State comptroller Yosef Shapira has severely criticized the Israeli police for the inefficient use of its new traffic cameras, as well as a general failure to enforce traffic laws, Globes reported on Thursday.
To date, approximately 100 million shekels has been invested in the A3 project for deployment of traffic cameras around the country, and another 4.8 million has been allocated for more cameras, without fixing the system, the comptroller charged.
Due to the enormous backlog of cases, police “unreasonably” raised the enforcement thresholds for traffic violations.
Cameras were set to detect speeds far above the limit. For example, a camera in the Tel Aviv area was set to enforce speeding above 155 miles per hour on a street where the speed limit is 30 mph.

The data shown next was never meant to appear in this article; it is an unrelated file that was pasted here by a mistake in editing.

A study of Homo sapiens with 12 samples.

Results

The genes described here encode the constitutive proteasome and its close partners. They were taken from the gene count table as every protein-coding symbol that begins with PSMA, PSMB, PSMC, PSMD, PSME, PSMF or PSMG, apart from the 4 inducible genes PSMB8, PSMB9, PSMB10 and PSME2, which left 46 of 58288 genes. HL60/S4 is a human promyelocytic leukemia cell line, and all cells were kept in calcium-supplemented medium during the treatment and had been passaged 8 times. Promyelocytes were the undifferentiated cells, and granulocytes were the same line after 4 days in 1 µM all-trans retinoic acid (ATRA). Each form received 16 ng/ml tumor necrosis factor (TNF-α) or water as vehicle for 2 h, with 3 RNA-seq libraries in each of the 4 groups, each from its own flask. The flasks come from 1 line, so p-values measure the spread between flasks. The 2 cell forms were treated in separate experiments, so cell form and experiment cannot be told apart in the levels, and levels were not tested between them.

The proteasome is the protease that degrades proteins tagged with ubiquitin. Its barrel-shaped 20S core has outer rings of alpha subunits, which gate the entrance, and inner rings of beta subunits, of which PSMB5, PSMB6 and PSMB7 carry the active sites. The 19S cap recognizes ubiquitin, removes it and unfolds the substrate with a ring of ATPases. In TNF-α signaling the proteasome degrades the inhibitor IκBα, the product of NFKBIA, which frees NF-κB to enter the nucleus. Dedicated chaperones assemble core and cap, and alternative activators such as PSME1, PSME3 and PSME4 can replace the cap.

Overall, 43 per cent of the cameras were programmed to catch only serious offenses, driving double the speed limit on highways and 50 mph over the urban speed limit.
More than half the cameras did not document offenses punishable only by monetary fines.
The violations that the cameras did document were “ineffectively handled… some of the severe traffic violations documented by the cameras were simply erased out of record.”
The comptroller’s office furthermore said that thousands of indictments were erased from the books each year without being assigned court dates because of the “inefficient distribution of court dates.”
The comptroller found 55,000 indictments for traffic violations were erased in 2012–2015 because of the statute of limitations, the majority unrelated to project A3.
The report noted the 17,160 indictments awaiting a trial date in February 2015 with some violations dating as far back as 2007.